Get Your Hands Dirty!
Published 14th April 2023. Written by Maddison O’Brien
Today is National Gardening Day! People have a long history of nurturing the environment around their homes to grow food, flowers and medicine. Today is a reminder to get out in your garden or start something new. There are many ways to interact with our environment, and gardening is one activity that offers many positives to our health and well-being. Here are a few ideas and benefits of working in the garden to help get the inspiration flowing to get your hands dirty.
We all want to be healthy and happy; as it turns out, gardening ticks the boxes for health and mood improvements. Research shows that gardening provides enjoyment and reduces stress. The physical motions of gardening also improve endurance, strength and mobility. Gardening can also lead to having more social interactions with neighbours and fellow gardeners and allows us to get adequate time outside, breathing fresh air and getting enough sunlight which is essential for overall health.
By starting a simple veggie patch, you can increase the quality of your food and save money on groceries. Picking your herbs and harvesting homegrown veggies, even if it’s just one type, is super satisfying, and it can’t get much fresher than that! By growing your own, you’ll enjoy more nutritious and delicious food.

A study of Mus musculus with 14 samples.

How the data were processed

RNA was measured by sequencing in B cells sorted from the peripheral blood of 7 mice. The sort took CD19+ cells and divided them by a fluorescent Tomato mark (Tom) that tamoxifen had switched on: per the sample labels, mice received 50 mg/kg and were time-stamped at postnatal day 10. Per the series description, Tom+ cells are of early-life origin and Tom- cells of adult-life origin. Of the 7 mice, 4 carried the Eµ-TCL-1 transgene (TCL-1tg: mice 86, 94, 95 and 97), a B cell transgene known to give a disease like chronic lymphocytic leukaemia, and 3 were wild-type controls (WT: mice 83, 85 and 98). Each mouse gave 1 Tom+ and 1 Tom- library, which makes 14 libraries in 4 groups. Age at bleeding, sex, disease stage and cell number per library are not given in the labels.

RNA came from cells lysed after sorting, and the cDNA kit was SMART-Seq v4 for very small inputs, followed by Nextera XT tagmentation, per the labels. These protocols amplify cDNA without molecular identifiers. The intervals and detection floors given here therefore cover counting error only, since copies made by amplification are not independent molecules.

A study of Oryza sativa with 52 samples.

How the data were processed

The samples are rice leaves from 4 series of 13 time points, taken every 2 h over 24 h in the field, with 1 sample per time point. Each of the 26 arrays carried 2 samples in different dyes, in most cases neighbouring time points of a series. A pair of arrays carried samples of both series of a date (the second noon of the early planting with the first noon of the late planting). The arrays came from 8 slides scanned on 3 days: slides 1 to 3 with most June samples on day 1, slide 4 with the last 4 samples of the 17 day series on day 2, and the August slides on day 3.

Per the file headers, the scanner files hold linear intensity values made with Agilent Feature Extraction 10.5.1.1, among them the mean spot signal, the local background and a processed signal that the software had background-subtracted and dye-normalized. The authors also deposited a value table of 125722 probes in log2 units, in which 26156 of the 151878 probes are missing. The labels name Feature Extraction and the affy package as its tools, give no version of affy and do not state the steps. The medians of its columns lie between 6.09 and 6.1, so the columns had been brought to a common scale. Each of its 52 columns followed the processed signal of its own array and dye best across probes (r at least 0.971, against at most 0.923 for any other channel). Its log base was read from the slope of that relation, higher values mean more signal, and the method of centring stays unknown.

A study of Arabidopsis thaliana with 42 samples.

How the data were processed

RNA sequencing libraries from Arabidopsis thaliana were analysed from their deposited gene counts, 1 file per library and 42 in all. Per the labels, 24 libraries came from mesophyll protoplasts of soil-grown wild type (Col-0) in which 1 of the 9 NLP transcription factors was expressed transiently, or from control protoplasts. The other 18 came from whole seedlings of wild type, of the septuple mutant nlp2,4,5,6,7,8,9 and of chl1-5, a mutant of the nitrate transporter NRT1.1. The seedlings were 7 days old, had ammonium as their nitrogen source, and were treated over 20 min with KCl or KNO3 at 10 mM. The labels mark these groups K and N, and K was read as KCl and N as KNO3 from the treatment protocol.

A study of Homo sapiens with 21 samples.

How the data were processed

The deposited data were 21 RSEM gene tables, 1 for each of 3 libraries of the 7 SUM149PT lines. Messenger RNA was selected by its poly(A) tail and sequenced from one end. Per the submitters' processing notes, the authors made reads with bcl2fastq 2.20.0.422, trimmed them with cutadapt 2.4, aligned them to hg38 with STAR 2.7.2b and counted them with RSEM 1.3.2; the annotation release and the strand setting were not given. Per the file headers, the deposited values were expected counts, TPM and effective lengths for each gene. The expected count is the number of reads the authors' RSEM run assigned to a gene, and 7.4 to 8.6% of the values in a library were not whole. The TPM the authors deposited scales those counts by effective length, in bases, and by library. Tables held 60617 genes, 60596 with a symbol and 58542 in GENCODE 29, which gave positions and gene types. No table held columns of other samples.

If veggie patches aren’t your style, perhaps, you’re more interested in growing plants that attract birds and bees that you can enjoy observing. Planting biodiverse gardens for wildlife can be rewarding and less maintenance than other types of gardening, especially when you select species that thrive in Australian conditions. The Watershed Landcare Nursery has a unique selection of native plants perfect for the garden. Go to watershedlandcare.com.au/nursery if biodiversity gardening is something you’re interested in.
Gardening is a great way to feel connected to nature and also provides solutions to waste problems. With a garden, you have the motivation to start composting those household veggie scraps, coffee grinds and eggshells, creating systems that build fertility in the soil where it matters. You could try having a worm farm or chooks that integrate with your garden; they take up little space, and kids love them!
Gardens come in all shapes and sizes, and it’s helpful to know that you can still have a productive garden in a small space or even in containers on a veranda, for example. If you’re new to gardening, starting small (growing something you love to eat or a favourite flower) and working up from there is an excellent idea. Learning by doing is the best way, and you could even join a community garden if you want access to more space and like-minded gardeners who would be more than willing to share tips to help you improve your skills. Happy National Gardening Day!